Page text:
Greenhouse gases in the atmosphere have hit a record high -- again.
United Nations (UN) officials reported last week that greenhouse gas concentrations in the atmosphere have hit a record high. The report, published in preparation for the COP24 climate summit to be held in Poland next month, also warns that the time to act is running short.
Too much bad gas
"Without rapid cuts in CO2 and other greenhouse gases, climate change will have increasingly destructive and irreversible impacts on life on Earth," the head of the World Meteorological Organization Petteri Taalas said in a statement.
"The window of opportunity for action is almost closed."
The Greenhouse Gas Bulletin -- the flagship annual report of the UN's weather agency, WMO (World Meteorological Organization) -- has been tracking the content of various gases in the atmosphere since 1750. This year's report (covering data for 2017), puts CO2 content in the atmosphere at 405.5 ppm (parts per million). This is the single highest value we've ever seen during our time on the planet -- it's up from 403.3 ppm in 2016 and 400.1 ppm in 2015. Both years were record-setters in the CO2-content department themselves.
However, it's not the first time our planet has experienced such levels of carbon dioxide. The WMO has reliable CO2 concentration estimates for the last 800,000 years, drawn from analysis of air bubbles locked in the ice sheets of Greenland or Antarctica. It also has rough estimates of the gas' concentration in our atmosphere spanning the last five million years, mostly drawn from chemical analysis of fossils.
"The last time the Earth experienced a comparable concentration of CO2 was 3-5 million years ago, when the temperature was 2-3°C warmer," Taalas said.
The agency also points to rising concentrations of methane, nitrous oxide, and ozone-depleting gases (such as CFC-11) in addition to CO2. Carbon dioxide (CO2), methane (CH4) and nitrous oxide (N2O) all broke new records in 2017, with CO2 at 405.5 ppm, CH4 at 1859 ppm, and N2O at 329.9 ppb. These values represent, respectively, 146%, 257%, and 122% of pre-industrial (before 1750) levels.
We need to scrub
All in all, this isn't good news. While the amount of greenhouse gas in the atmosphere is indeed a direct consequence of emissions, that's only part of the picture. Emissions are how much of such compounds we release into the wild; the levels reported on by the WMO are what stays there after plants, oceans, and all sorts of other players are done absorbing their share. Their share' amounts to roughly 25% of all emissions for oceans and the biosphere, plus a little extra that goes into the lithosphere (i.e. rocks) and cryosphere (i.e. ice).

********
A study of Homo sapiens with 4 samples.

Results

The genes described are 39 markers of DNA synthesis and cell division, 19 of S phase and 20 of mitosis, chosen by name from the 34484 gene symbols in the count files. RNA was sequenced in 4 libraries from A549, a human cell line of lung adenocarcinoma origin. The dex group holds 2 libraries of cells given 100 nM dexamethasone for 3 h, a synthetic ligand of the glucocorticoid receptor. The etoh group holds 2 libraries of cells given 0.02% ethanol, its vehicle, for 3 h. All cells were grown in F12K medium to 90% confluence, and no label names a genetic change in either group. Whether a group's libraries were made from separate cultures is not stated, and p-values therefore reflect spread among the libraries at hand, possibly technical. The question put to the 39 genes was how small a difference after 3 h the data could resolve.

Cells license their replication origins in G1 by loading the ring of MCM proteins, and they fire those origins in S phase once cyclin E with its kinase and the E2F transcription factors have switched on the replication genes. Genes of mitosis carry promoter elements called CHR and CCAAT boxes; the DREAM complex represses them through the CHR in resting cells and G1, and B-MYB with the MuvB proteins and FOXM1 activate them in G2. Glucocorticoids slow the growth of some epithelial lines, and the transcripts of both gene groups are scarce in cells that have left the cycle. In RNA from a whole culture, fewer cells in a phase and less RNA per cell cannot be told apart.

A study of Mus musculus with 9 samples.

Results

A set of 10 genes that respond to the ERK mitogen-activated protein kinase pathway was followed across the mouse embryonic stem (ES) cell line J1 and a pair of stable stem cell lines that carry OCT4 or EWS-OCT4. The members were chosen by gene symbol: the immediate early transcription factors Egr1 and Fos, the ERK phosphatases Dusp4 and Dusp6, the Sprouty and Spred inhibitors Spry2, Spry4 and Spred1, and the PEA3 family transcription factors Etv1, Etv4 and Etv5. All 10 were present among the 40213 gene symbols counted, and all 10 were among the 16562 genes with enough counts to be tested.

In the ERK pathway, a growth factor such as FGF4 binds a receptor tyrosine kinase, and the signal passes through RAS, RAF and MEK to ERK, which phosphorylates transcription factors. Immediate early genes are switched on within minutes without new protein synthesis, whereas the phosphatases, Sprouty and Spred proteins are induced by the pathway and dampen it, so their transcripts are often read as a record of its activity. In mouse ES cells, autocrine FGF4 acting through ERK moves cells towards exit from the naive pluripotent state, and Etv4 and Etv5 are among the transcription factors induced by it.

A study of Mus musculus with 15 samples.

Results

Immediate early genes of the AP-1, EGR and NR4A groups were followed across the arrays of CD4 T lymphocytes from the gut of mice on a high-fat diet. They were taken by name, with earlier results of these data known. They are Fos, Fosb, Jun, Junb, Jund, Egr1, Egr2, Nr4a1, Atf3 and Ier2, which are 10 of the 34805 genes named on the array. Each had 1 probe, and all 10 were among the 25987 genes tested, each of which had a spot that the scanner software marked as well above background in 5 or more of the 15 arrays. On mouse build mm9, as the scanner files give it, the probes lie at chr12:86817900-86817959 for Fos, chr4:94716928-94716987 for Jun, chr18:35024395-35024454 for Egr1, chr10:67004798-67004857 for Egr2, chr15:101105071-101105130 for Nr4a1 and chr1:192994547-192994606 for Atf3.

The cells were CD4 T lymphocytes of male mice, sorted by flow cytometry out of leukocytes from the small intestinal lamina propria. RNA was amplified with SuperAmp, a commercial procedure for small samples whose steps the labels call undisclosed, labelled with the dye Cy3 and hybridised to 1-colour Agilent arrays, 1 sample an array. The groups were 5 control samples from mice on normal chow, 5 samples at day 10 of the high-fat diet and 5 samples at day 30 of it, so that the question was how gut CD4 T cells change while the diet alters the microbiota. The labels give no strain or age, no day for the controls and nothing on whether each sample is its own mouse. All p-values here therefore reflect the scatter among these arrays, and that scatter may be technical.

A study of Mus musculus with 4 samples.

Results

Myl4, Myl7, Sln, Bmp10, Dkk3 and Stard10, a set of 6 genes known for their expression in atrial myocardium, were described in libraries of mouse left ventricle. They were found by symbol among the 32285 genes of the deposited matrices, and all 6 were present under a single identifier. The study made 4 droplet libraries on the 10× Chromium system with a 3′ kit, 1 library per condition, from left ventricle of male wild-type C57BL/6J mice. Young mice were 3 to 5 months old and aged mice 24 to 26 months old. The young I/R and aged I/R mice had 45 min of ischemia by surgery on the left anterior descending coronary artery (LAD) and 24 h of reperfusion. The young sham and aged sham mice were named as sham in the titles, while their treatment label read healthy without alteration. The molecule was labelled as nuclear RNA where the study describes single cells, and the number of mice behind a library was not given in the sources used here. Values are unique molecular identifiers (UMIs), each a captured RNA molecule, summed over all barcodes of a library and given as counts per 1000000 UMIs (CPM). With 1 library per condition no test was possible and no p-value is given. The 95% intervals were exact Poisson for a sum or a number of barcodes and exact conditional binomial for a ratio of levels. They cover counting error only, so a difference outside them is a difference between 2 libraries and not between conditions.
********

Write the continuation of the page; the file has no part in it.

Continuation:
These atmospheric concentrations reported on by the WMO are, then, the year-after-year build-up of emissions that our planet can't process. According to the UN's Intergovernmental Panel on Climate Change (IPCC), the body tasked with reviewing climate science and organizing the international effort against climate change, net emissions must be brought to zero in order to limit warming to below 1.5°Celsius.
This basically means either not emitting anything in the first place (which is highly unlikely to happen right now), or scrubbing as much greenhouse gas out of the air as we put out -- whether this is done through natural or technological means isn't really important. If we can't rise up to the challenge, notes WMO's deputy chief, Elena Manaenkova, all that CO2 will end up in the atmosphere and oceans -- and plague us for hundreds of years. To put it in context, the cost of climate-related disasters topped $2.25 trillion worldwide from 1998 to 2017. The U.S. had "the worst" losses with $944.8 billion, followed by China with $492.2 billion, and Japan with $376.3 billion, Niall McCarthy writes for Forbes. The UN reports that 17 of the 18 hottest years on record have occurred since 2001. A warmer climate means more and more powerful disasters (such as droughts, storms, or disease).
"There is currently no magic wand to remove all the excess CO2 from the atmosphere," she said. "Every fraction of a degree of global warming matters, and so does every part per million of greenhouse gases," she said.
UN rights chief Michelle Bachelet warned in an open letter addressed to all member states at COP24 that the world faces dire consequences if we don't change our ways. "Entire nations, ecosystems, peoples, and ways of life could simply cease to exist," she said. She cited evidence that nations are not on track to meet the commitments made in Paris in support for her claims.
In response to a recent tweet from US president Donald Trump -- "Brutal and Extended Cold Blast could shatter ALL RECORDS - Whatever happened to Global Warming?" -- deputy WMO chief Elena Manaenkova chose to simply tell reporters that the science on global warming is "unequivocal."
Brutal and Extended Cold Blast could shatter ALL RECORDS - Whatever happened to Global Warming?
— Donald J. Trump (@realDonaldTrump) November 22, 2018
The report "WMO Greenhouse Gas Bulletin (GHG Bulletin) - No. 14: The State of Greenhouse Gases in the Atmosphere Based on Global Observations through 2017" is available on the WMO's page here.